The Young Bucks murdered Adam Cole. It happened at the American Legion Hall in Reseda, California, during a taping of Pro Wrestling Guerrilla, the cult indie promotion where the Bucks have pioneered their special brand of meta-wrestling. The murder weapon was a can of Monster Energy, spiked by the leader of Bullet Club, Kenny Omega.
It was always going to end this way. The Biz Cliz is only big enough for one alpha male, and poisoning Nick Jackson has consequences.
This is Being The Elite, or BTE for short – the best wrestling channel on YouTube. And if it sounds like a poorly written soap opera, that’s probably the point. Started by the Young Bucks and Kenny Omega in February 2016, shortly after the trio took the reins of Bullet Club from a WWE bound AJ Styles, BTE is part-shoot road diary, part-tongue-in-cheek kayfabe. It’s a window into the Young Bucks’ journey from show to show – a fly on the wall look at the bookings which take them from Dearborn, Michigan to London all the way to Tokyo and Santiago. But there are also episodes where the Bullet Club dress up in onesies, or engage in impromptu karaoke.
Since its inception, the show’s roster has expanded, with the likes of Adam Cole, Marty Scurll, Hangman Page and Cody Rhodes giving episodes an almost Ratpack-esque feel. It’s an organic shift that’s made the show part marketing machine, part zeitgeist setting wrestling storyline.
Its secret, of course, is that it’s unrepentantly goofy and it knows it. In a recent episode, the Bucks’ friend and Japanese sponsor Masa became the third victim to be “killed off” on the show, and even after uploading it to YouTube, the Bucks didn’t notice. Well, not until Cody broke it to them at the start of the next video – showing them Masa’s toxicology report on his phone, which consisted entirely of the logo for 80s rock band Poison.
Ultimately, this kind of tomfoolery is why the whole thing works. BTE accepts a fundamental truth about wrestling many hardcore fans are loath to admit: most wrestling storylines are inherently goofy. Randy Savage balancing a coffee creamer on his head while yelling at Gene Okerlund. Roman Reigns attempting to murder Braun Strowman in an ambulance. Mysterio and Guerrero’s ladder match over a child’s custody papers. Diehards can talk about match quality and ring psychology all they want, but they can’t tell me they don’t find stupid wrestling storylines inherently funny.
Being the Elite also works because it’s real. Not real in the sense that what happens on the show is always a shoot. Adam Cole is not dead. He just attacked Drew Mcintyre on NXT. But the “characters” you see are more honest. In a world where WWE scripts promos for its heir apparent, then throws him into the ring with John Cena to stumble over his lines, Being the Elite just let’s us have a fun time hanging out with the Bullet Club. It’s like watching D-Generation X spitball their wacky promos using nothing but a camera phone and their hotel room. If Shawn Michaels and Triple H were up and comers today, that’s what they’d be doing.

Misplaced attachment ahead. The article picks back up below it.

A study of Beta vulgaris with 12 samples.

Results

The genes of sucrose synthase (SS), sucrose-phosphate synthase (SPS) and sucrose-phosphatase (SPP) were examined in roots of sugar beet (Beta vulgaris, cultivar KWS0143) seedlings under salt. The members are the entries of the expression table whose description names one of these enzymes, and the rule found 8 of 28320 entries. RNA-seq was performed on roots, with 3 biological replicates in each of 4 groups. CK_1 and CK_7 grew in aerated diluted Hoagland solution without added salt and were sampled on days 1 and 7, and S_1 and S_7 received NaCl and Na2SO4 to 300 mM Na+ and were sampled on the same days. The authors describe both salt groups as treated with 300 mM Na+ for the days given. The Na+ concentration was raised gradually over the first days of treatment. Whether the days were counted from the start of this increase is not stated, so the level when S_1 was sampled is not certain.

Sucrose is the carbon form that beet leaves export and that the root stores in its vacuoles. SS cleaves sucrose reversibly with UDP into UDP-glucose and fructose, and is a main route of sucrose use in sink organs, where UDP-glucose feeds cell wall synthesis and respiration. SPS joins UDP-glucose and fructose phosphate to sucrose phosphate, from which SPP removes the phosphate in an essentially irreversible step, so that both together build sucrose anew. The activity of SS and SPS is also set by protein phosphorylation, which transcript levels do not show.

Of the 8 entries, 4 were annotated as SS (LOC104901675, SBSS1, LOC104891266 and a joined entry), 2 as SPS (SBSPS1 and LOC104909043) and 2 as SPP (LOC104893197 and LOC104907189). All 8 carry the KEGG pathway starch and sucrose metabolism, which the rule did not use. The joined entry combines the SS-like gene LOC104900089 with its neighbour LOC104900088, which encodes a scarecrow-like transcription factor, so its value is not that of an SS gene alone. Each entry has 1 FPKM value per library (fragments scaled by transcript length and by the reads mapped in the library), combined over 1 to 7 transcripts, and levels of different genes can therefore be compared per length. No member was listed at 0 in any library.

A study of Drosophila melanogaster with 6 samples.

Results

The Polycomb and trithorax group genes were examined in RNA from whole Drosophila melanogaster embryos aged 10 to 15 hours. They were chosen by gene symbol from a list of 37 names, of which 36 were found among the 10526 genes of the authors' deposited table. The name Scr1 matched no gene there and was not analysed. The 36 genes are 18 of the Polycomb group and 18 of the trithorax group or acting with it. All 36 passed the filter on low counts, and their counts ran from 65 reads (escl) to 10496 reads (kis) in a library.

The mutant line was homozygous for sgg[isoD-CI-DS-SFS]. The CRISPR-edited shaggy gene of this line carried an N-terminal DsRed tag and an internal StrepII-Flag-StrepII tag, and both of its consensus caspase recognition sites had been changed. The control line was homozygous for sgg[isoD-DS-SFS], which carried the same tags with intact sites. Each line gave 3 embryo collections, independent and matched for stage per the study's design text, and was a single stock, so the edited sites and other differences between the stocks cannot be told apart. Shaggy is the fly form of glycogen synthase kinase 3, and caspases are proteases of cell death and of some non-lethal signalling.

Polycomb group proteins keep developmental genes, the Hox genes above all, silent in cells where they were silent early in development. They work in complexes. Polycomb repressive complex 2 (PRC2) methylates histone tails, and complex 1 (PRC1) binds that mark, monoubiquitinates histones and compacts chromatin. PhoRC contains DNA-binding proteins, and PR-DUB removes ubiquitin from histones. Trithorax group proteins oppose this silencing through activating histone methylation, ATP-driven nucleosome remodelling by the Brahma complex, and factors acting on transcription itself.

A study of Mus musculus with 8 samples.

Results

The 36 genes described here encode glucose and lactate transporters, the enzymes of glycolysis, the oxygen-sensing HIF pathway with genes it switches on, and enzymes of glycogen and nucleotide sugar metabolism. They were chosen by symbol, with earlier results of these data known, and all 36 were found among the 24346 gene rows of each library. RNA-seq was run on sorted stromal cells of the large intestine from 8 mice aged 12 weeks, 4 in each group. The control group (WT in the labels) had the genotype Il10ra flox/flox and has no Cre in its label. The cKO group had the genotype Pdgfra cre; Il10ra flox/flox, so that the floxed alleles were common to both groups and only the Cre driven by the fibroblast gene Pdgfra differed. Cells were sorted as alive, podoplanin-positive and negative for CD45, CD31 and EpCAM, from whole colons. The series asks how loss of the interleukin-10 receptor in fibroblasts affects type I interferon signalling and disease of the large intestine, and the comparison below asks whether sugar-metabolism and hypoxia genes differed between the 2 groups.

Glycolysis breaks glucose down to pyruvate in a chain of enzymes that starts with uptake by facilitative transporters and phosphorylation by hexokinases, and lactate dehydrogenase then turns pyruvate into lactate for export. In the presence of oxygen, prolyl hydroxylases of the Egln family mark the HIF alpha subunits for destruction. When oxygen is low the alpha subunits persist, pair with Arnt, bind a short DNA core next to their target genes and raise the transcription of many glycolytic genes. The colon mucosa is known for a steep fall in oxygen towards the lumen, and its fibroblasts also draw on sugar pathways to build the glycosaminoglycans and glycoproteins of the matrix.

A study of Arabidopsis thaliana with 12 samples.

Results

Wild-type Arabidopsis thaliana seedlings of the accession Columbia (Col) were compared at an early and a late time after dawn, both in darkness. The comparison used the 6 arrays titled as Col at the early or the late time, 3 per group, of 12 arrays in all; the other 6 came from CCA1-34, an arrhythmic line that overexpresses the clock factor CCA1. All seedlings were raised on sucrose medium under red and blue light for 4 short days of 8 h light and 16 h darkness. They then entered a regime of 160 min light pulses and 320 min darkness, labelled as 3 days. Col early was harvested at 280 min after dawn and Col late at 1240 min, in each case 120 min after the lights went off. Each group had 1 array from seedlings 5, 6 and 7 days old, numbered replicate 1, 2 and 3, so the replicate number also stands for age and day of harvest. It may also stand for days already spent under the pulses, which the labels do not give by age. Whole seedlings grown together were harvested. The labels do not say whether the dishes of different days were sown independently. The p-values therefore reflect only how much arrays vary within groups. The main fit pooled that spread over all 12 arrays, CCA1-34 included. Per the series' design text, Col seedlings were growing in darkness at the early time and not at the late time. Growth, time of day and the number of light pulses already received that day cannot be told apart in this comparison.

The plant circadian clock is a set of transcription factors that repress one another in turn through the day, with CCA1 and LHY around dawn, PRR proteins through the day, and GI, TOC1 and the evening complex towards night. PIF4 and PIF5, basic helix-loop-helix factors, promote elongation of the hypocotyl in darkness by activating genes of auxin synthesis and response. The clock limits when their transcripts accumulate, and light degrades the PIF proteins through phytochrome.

Let’s take a second to talk about the man who’s got the most from his time on Being the Elite. When Cody Rhodes left WWE in July 2016, it was off the back of two years dressing up as, in his own words on Aubrey Sitterson’s Straight Shoot Podcast, “a fucking space clown”. He was a midcard comedy character, and despite pitching ways to end the Stardust gimmick, WWE creative weren’t interested. Which is weird, because since leaving WWE, not only has plain old Cody been a solid draw, he’s also established himself as a compelling wrestling character in his own right. With control over his own voice, Cody is the most compelling he’s been in years, and it’s obvious he’s having the time of his life whenever he shows up on BTE. He’s got a catchphrase. He’s the Ring of Honor World Champion. He’s fought the best wrestler in the world and his t-shirt is in every Hot Topic in North America.
Because, in 2017, Cody being an over-the-top version of himself is so much more compelling to us than Cody being a contrived sci-fi mime-artist. The internet and social media has brought down the walls between creator and fan. People are as likely to check Taylor Swift’s Twitter feed as they are to actually listen to one of her songs. We are more connected than ever, which means we can hear the thoughts of our favourite writers, musicians, actors and, yes, wrestlers, like never before. It’s a system that’s got real issues when it comes to boundaries, but it also means that if you’re honest with your audience and keep them engaged, they will reward you with loyalty. And they will buy your t-shirts. Lots and lots of t-shirts.
I guess what I’m saying is, this is how to make wrestling fun in 2017, and it’s not just Being the Elite that’s figured out that bit of alchemy. See also Nia Jax, Alexa Bliss and Becky Lynch, who use Instagram and Snapchat to interact with their followers. It creates a personal connection between wrestler and fan. It’s a fast, cheap way for wrestling’s stronger personalities to build and reward a loyal audience (see Becky Lynch’s battle with a can of pineapples for a perfect example).
You’re sceptical, I can tell. But ask yourself this: what does the future of wrestling look like? Is it the scripted locker room skits written by WWE’s college grad writers, as they try to pop Vince. Or is it the stripped back relatability of hanging out with your favourite wrestlers at In-N-Out Burger? Maybe it’s just me, but I know whose t-shirt I’m more likely to buy.